U.S. Army Yellow Ribbon Reintegration Program
Yellow Ribbon Reintegration Program: Parts 1 & 2Being a loved one of someone in the military is incredibly difficult. For active duty families, it involves frequent moves (sometimes internationally), military housing, multiple deployments, and a myriad of personal sacrifices. Recently, I have been reading blogs of other military wives to try to get ideas for coping with the upcoming deployment. While I can relate to them in some ways, it is still completely different to be the wife of a deploying reservist. It poses its own specific challenges that do not exist in the active duty world.
We are used to the military being a part of our life, but we are are not used it being our life.
Our soldiers are nurses, doctors, lawyers, firefighters, teachers, store clerks...you name it. When not deployed, military obligations involve one weekend a month and two weeks a year of putting on the uniform and training. Therefore, when our loved ones get activated for an upcoming deployment, we are not always mentally or psychologically prepared. Its not something we are used to thinking about on a regular basis.
It is difficult because we do not have the same types of support systems as active duty families. Some unique challenges that we face:
- We don't live near other military families. The families in my husband's unit are spread out over hundreds of miles. We don't see each other on a regular basis and we don't all know each other well.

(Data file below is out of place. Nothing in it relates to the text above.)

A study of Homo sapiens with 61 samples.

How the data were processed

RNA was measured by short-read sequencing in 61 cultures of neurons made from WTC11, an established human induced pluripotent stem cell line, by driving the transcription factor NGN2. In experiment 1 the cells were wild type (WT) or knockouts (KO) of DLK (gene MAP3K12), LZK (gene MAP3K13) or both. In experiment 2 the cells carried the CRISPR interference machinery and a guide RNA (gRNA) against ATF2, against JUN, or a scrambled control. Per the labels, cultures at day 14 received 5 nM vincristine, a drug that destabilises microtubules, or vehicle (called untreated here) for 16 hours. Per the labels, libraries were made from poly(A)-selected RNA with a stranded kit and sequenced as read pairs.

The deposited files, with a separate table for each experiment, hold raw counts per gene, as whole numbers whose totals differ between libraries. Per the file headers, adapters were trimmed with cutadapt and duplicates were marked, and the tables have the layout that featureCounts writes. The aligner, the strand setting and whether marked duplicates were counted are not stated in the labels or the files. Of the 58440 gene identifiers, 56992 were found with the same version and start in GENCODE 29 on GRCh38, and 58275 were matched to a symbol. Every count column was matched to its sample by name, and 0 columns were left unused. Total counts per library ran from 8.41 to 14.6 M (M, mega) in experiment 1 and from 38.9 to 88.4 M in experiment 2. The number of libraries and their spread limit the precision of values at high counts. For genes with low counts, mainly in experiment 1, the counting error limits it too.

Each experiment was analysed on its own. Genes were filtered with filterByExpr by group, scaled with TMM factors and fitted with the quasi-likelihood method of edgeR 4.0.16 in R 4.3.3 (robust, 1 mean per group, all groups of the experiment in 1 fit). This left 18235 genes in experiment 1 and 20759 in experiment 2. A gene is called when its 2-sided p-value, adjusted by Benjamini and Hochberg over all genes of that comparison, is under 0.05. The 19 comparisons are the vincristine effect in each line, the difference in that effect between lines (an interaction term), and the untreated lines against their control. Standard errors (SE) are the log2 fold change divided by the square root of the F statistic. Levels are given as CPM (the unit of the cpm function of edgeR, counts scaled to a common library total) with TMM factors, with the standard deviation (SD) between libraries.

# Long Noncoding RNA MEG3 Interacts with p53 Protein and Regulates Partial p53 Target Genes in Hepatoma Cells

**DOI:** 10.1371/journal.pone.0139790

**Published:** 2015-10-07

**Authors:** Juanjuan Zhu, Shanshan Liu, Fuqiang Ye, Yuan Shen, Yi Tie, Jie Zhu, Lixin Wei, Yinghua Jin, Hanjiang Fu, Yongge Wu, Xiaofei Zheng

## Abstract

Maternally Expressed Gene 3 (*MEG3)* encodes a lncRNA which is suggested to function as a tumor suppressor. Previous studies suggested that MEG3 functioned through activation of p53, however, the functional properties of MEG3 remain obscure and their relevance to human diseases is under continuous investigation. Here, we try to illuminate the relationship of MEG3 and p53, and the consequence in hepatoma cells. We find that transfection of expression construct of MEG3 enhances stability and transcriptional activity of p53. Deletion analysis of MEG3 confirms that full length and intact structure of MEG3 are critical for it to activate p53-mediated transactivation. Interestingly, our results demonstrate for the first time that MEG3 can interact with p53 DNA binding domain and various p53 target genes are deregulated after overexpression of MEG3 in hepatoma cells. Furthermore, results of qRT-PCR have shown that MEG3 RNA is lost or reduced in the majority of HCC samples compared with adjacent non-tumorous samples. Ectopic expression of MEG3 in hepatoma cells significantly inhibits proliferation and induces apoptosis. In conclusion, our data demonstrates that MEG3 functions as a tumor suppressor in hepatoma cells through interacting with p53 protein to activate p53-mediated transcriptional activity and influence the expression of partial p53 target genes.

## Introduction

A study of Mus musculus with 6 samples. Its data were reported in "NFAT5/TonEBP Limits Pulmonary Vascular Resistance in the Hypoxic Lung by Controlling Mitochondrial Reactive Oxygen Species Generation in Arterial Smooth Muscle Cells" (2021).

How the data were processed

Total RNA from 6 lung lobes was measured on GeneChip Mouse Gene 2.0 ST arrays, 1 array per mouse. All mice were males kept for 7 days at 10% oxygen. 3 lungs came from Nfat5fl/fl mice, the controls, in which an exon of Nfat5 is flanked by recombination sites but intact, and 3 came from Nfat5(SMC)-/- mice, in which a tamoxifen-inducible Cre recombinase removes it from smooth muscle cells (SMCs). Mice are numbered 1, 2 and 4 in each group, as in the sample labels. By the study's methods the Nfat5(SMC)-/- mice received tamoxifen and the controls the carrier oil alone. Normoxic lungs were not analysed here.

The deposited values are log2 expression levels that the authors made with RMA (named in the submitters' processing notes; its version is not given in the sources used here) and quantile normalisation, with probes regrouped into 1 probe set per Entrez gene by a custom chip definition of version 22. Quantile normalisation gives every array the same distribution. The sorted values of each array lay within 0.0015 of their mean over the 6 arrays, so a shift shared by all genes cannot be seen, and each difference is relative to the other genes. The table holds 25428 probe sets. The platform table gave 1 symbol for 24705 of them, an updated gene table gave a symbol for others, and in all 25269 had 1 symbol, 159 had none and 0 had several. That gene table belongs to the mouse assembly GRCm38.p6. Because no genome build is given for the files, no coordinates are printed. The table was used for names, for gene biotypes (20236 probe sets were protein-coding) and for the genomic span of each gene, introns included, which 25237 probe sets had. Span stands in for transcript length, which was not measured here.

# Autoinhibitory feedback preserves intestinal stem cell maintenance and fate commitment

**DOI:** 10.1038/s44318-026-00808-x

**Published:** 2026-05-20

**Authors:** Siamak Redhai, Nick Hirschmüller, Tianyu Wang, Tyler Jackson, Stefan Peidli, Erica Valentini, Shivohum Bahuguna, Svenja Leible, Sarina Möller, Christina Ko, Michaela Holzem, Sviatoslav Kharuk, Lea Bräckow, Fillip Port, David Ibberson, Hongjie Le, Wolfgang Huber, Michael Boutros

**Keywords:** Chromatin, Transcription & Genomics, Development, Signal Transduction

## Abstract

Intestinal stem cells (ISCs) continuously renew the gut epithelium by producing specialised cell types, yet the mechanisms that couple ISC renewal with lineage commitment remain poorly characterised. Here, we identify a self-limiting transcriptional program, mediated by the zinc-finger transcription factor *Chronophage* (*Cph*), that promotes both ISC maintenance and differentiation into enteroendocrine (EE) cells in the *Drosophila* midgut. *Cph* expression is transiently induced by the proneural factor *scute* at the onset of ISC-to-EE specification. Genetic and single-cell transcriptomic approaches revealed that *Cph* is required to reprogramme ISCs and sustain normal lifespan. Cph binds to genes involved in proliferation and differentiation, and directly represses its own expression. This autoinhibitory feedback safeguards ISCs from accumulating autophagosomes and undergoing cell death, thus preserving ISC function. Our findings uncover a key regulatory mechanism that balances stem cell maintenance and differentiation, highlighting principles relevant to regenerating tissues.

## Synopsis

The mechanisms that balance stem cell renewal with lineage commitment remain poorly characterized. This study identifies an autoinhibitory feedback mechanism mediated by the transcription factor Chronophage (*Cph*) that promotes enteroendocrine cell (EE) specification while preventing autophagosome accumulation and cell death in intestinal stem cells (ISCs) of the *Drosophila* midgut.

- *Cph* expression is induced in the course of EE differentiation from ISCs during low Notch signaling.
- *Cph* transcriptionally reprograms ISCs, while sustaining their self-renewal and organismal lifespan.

- We don't have access to the resources of living on or near a military base. It can be difficult to find assistance with military legal, financial, and social issues.
- Our soldiers have to leave behind civilian jobs and civilian obligations. Employers may be less than understanding about this situation and it can sometimes be difficult to return to them.
- We don't have other friends or family members who have been through this or who truly understand.
- Our children may be the only ones in their school who have a parent overseas. The child may struggle with this and the school may not have experience with helping.
This past weekend, the Army gave us Part 1 & 2 (Alert Phase and Pre-Deployment). We arrived at the hotel to a patriotic greeting:
After some socializing with the unit, we headed to bed to rest up for an entire day of information overload. The next morning involved a buffet breakfast, singing of the national anthem, a greeting by one of the Army Generals, and then it was straight into the schedule. Some of the things we heard about:
- A 24/7 phone number and website that can assist with virtually any issue that may arise, ranging from counseling to broken dishwashers to help finding a lawyer and so on. They say that you can call them with literally any question you might have about anything. I learned that I can even call Military OneSource and ask them how to cook a turkey.
- ESGR (Employer Support): The short story is that it's illegal for your employer to give away your job while you are gone and if you have any problems, you call them and they help you.
- Financial planning: I was excited to find out that we can get free financial planning. Given the astronomical quantity of student loans I have, I think we could use some help.